October 1, 2019 News


AWS EdStart, the AWS educational technology startup accelerator, is designed to help entrepreneurs build the next generation of online learning, analytics, and campus management solutions on the AWS Cloud. The program is designed to enable EdTech startups to move faster with specially tailored benefits.

As technology continues to play a key role in many classrooms, institutions, and learning environments, AWS EdStart helps EdTech entrepreneurs build solutions that are secure, smart, scalable, and cost-effective. Available in the US, Europe, the Middle East, Africa and Asia, EdStart is a free offering. There are no costs to apply to become a member of the program and AWS does not take any equity from AWS EdStart members.

According to Vincent Quah, Regional Head, Asia Pacific and Japan, AWS, all members must have a solution that serves the education sector and that haven’t been established longer than five years. They also can’t be earning more than US$10 million.

The program provides EdTech start-ups with AWS Promotional Credits, community engagements, customized trainings, marketing opportunities, mentorship, and technical support to help them move faster in building and growing business.

“Education companies in start-up are very siloed. We created a community to bring them together and get them connected as well as have access to solution architects to support their design of solutions and services.”

Since launching EdStart in the US in early 2017, the program has issued over US$ 2 million in AWS Promotional Credits to help customers revolutionise the education industry. In 2018, they moved out globally. AWS reviews all EdStart applications and have an internal assessment to score each applicant to decide if they can be accepted or not into the program.

During the recent AWS Public Sector summit, three start up companies shared with us their journey with EdStart on how they are using their solutions to revolutionise and maybe even disrupt the education system.


Arkademi, Indonesia

With Indonesia being a huge country made up of several thousand islands, connecting students with educators around the country was a huge problem. Add that to the growing population in Indonesia; the resources were fully stretched. Arkademi came up with a solution by creating an online platform that is both web-based and mobile app-based.

According to Hilman Fajrian, CEO and Founder of Arkademi, the needs of education is more complex than before in Indonesia. There is an inequality towards education because of demographics. Mobile learning tech solves this problem. Using Amazon S3 to host more than 400 private learning videos, the company assists teachers to design and create high-quality curriculum-based learning and producing mobile learning-oriented content.

Hilman pointed out that while the completion rate of an online course is typically really low, for Arkademi, the completion rate is 85%. He attributed this to the mobile tech, which made internet access available to everyone. Web-based learning would require a laptop or a computer or going to an internet café. Mobile devices provide flexibility for access.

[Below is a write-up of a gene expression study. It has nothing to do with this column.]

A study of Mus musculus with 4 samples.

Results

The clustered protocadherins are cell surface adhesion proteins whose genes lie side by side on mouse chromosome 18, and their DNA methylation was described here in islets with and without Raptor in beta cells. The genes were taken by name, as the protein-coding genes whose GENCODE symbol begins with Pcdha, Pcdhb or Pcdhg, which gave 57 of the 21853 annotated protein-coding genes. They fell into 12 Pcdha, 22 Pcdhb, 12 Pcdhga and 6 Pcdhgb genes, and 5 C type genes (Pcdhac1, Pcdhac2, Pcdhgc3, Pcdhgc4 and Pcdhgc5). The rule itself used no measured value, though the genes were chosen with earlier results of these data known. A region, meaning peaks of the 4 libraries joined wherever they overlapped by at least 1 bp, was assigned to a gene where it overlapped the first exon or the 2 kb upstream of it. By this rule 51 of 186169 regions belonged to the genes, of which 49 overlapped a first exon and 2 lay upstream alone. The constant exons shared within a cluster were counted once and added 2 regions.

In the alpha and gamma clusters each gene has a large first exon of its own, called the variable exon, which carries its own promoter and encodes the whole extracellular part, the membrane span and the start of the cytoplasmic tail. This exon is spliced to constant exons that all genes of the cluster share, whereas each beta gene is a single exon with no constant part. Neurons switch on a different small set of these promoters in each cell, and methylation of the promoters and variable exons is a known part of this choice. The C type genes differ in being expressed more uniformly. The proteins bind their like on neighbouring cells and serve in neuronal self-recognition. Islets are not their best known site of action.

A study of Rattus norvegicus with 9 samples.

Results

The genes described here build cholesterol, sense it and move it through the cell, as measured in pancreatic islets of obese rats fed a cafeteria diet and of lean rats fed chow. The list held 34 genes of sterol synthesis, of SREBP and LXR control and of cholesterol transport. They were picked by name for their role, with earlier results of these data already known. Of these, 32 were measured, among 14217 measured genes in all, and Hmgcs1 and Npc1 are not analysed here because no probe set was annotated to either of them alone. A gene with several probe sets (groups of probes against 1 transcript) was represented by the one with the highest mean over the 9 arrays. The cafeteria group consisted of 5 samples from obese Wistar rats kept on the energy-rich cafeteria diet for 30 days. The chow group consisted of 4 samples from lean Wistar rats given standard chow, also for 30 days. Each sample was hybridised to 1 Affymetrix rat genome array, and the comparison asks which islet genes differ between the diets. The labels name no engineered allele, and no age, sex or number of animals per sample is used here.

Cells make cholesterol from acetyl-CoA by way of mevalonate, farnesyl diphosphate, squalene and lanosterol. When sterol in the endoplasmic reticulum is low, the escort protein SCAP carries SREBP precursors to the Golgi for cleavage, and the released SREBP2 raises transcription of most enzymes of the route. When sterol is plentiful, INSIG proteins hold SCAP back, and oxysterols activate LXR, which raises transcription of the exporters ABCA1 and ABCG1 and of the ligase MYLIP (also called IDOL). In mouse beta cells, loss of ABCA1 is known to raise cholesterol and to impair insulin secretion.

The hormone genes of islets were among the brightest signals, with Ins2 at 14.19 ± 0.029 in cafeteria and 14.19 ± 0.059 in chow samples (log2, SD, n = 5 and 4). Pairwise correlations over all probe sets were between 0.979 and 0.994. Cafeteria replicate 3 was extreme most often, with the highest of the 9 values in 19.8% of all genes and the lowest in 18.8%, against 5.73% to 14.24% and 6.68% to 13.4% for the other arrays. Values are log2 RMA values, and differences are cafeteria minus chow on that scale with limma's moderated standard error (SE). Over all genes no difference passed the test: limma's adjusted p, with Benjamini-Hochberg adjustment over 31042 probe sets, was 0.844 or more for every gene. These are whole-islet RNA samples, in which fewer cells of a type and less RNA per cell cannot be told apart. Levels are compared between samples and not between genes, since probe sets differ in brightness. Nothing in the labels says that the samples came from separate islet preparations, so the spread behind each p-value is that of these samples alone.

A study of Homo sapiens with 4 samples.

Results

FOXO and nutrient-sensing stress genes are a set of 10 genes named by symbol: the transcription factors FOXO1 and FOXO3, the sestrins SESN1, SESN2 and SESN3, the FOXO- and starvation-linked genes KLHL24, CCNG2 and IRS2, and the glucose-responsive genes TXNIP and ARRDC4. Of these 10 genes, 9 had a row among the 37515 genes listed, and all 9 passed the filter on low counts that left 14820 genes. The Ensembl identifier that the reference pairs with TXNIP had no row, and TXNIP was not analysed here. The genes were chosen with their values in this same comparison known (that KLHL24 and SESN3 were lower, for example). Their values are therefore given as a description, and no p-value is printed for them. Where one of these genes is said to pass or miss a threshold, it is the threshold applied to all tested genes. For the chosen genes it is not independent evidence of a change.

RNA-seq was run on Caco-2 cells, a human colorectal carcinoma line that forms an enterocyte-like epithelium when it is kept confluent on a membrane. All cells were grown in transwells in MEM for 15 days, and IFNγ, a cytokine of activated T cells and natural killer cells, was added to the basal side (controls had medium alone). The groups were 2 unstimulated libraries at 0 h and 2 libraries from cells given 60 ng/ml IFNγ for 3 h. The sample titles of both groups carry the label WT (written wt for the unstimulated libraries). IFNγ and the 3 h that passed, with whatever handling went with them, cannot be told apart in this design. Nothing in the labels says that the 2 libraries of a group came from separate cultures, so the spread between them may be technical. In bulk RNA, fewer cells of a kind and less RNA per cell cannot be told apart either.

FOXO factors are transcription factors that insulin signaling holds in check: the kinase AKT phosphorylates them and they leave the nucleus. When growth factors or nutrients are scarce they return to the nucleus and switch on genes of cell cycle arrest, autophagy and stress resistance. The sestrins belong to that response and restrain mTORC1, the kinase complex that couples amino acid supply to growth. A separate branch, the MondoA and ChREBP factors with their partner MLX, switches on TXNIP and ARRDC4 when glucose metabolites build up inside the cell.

“Everyone loves innovation, but they don’t like to pay for it. Education can’t keep up with tech. But if it’s mandatory to keep up with tech, we help them adopt innovation step by step and help close the gap.”


Miao Academy, Singapore

Using AI, Miao Academy aims to revolutionize and disrupt the way students learn and access educational resources with their academic chatbot, Miao. The chatbot helps students with Math and Science problems, similar to a friendly study buddy. By texting or sending photos of any homework problem to Miao, the chatbot provides immediate answers including theories, definitions and detailed guidance for homework problems.

“Singaporeans always partake in private tutoring. The industry is worth SG$ 1.4billion for a population of only 500, 000. It’s a big financial burden on families. There is a huge need for an alternative option. Miao stores the best knowledge and keeps using it. It is able to handle many queries concurrently as it’s done via automation tech,” said Betty Zhou, CEO of Miao Academy.

Betty pointed out that teachers fear they will be made redundant. They are not just afraid of tech adoption; they are worried about the extra workload from this. Teachers need to see technology as a tool that helps them, she emphasized.

Miao Academy hopes to have its application become a global program. They are already looking into the China market and are looking to future potential expansions like voice recognition and more AI capabilities.


Inkerz, Australia

“Inkerz’s mission is to make pen and paper smart,” said Vahid Kolahdouzan, Founder and COO of Inkerz. The Australian based platform aims to be a highly-scalable SaaS cloud solution by solving the age-old problem of digitising handwriting without the high cost or inconvenience of special input devices or screens. Using a host of AWS Services including SageMaker, Lambda, AppSync and others, Inkerz wants to eventually be able to integrate pen and paper into the digital world.

Hoping to help students and teachers manage handwritten tasks, Inkerz uses a patented technology that uses neural networks, either to run on hardware or cloud. Inkerz currently works with Canvas, a highly popular LMS. Inkerz’s API enables Canvas users to write straight into the Canvas LMS with any pen or pencil and enables them to write math and science formulas, written or drawing, that are impractical for the keyboard.

“Teachers don’t like change. We are breached between old and new methods. By utilising mobile phone cameras, we are able to capture real-time wiring in any surface. Writing and drawing lead to creativity, and we believe this will enable students and teachers to create and share ideas like no way before.”